The tonsils (palatine tonsils) are a pair of soft tissue masses located at the rear of the throat (pharynx). Each tonsil is composed of tissue similar to lymph nodes, covered by pink mucosa (like on the adjacent mouth lining). Running through the mucosa of each tonsil are pits, called crypts.
The tonsils are part of the lymphatic system, which helps to fight infections. However, removal of the tonsils does not seem to increase susceptibility to infection. Tonsils vary widely in size and swell in response to infection.
- Acute tonsillitis: A bacteria or virus infects the tonsils, causing swelling and a sore throat. The tonsil may develop a gray or white coating (exudate).
- Chronic tonsillitis: Persistent infection of the tonsils, sometimes as a result of repeated episodes of acute tonsillitis.
- Peritonsillar abscess: An infection creates a pocket of pus next to the tonsil, pushing it toward the opposite side. Peritonsillar abscesses must be drained urgently.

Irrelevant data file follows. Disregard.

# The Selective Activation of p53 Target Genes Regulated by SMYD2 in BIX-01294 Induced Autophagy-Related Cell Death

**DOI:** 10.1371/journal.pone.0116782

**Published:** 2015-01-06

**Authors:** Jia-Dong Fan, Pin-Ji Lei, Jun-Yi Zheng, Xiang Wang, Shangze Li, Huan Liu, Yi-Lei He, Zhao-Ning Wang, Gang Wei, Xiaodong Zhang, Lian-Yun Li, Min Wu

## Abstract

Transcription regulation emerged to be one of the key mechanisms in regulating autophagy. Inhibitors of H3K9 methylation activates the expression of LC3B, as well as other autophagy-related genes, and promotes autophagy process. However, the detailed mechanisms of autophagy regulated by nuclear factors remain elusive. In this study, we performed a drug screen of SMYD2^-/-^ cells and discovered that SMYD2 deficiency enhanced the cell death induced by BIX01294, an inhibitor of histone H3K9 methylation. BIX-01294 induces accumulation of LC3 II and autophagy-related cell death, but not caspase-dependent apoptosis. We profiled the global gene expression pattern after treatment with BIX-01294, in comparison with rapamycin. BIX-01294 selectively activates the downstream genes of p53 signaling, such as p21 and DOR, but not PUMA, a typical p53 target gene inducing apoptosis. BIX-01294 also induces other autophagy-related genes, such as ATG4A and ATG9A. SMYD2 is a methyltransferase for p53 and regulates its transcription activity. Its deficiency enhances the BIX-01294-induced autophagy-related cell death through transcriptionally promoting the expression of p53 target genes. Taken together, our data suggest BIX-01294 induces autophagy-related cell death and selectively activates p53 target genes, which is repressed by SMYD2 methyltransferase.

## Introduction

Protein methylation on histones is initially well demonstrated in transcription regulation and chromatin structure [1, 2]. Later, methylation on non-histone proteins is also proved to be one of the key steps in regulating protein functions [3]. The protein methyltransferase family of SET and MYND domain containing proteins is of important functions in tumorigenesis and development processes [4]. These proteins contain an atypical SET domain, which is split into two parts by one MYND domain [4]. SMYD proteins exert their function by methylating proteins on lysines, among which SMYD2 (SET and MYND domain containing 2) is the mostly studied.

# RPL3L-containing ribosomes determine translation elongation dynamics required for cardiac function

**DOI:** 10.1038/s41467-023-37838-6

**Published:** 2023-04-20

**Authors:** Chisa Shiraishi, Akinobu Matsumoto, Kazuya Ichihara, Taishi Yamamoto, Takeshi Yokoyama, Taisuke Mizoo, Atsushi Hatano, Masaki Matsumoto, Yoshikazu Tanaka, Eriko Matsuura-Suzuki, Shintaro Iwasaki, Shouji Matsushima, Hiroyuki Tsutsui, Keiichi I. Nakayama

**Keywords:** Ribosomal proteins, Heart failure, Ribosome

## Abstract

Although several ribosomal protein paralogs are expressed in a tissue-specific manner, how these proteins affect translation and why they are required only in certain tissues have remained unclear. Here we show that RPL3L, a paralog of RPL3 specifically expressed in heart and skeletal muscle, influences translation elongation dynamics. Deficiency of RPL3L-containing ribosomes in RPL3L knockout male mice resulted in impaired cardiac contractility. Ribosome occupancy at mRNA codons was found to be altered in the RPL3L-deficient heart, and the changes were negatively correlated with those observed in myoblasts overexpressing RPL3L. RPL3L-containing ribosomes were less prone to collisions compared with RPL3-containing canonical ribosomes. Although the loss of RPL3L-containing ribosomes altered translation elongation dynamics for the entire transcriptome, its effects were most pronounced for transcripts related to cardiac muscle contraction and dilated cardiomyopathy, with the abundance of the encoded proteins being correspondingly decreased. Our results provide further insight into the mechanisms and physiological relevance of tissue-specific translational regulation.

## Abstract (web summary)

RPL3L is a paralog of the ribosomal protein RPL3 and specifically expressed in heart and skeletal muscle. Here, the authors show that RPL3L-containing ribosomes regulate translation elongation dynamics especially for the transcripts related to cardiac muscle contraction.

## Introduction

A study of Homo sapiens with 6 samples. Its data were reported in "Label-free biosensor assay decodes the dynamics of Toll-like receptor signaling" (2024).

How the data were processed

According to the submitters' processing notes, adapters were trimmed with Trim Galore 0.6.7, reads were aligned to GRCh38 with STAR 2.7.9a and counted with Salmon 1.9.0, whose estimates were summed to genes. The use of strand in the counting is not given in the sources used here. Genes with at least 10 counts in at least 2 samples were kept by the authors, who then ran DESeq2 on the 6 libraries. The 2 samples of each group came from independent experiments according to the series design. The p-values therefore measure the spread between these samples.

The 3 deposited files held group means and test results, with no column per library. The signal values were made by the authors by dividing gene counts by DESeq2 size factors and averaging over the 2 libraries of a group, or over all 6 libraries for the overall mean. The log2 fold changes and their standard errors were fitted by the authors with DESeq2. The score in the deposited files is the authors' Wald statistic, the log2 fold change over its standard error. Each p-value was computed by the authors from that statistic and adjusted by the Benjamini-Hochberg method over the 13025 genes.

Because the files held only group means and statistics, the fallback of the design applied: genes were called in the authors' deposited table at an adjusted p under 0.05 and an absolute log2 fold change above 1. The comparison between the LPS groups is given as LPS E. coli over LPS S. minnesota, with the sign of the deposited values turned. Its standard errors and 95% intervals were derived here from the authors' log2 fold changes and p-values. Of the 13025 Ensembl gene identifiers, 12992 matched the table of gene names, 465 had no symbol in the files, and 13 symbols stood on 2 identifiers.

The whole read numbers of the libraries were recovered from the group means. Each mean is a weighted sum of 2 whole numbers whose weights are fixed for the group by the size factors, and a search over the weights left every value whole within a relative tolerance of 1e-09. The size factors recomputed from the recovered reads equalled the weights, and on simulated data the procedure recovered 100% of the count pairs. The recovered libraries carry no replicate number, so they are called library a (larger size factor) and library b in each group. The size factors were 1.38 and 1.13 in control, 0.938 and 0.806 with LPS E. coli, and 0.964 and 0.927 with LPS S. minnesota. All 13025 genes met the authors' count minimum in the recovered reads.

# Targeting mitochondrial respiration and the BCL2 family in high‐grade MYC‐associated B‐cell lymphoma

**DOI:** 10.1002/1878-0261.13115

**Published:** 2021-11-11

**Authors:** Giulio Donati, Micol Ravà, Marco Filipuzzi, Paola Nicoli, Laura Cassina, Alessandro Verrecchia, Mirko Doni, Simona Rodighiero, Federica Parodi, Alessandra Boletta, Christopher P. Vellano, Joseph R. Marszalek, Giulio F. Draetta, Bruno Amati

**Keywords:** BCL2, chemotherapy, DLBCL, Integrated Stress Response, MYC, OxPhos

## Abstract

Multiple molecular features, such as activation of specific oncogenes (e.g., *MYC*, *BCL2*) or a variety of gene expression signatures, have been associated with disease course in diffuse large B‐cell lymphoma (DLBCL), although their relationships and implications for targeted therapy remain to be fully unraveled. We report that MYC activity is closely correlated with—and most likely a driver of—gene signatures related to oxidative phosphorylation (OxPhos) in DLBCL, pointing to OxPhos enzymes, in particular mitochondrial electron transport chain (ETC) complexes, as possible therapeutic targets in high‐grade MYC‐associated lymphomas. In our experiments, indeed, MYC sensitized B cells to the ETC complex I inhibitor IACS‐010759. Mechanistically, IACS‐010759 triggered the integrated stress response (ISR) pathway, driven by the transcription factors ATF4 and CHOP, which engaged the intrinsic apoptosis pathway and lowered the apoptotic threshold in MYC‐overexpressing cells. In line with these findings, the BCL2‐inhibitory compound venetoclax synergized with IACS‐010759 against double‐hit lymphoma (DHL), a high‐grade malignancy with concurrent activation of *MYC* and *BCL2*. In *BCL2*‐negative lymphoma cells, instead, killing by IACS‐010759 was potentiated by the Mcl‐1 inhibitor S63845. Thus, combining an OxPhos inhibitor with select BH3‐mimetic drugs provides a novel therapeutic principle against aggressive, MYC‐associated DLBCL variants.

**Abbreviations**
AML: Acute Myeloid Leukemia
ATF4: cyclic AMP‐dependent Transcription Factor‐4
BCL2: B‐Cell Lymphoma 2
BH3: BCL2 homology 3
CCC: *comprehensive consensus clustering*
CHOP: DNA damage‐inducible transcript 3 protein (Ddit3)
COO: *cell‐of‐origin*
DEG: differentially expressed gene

- Acute mononucleosis: Usually caused by the Epstein-Barr virus, “mono” causes severe swelling in the tonsils, fever, sore throat, rash, and fatigue.
- Strep throat: Streptococcus, a bacterium, infects the tonsils and throat. Fever and neck pain often accompany the sore throat.
- Enlarged (hypertrophic) tonsils: Large tonsils reduce the size of the airway, making snoring or sleep apnea more likely.
- Tonsilloliths (tonsil stones): Tonsil stones, or tonsilloliths, are formed when trapped debris hardens, or calcifies.
- Throat (pharynx) swab: A doctor rubs a cotton swab on the tonsils and throat and sends the swab for tests. Usually this is done to check for bacteria such as Streptococcus.
- Monospot test: A blood test can detect certain antibodies, which can help confirm that a person’s symptoms are due to mononucleosis.
- Epstein-Barr virus antibodies: If a monospot test is negative, antibodies in the blood against EBV might help diagnose mononucleosis.
- Antibiotics: Tonsillitis due to bacterial infection can be cured with antibiotics.
- Abscess drainage: A peritonsillar abscess generally must be punctured with a needle, to allow the infection to drain and heal.
- Tonsillectomy: In cases of tonsils that are too large or repeatedly infected, surgery to remove them may be necessary.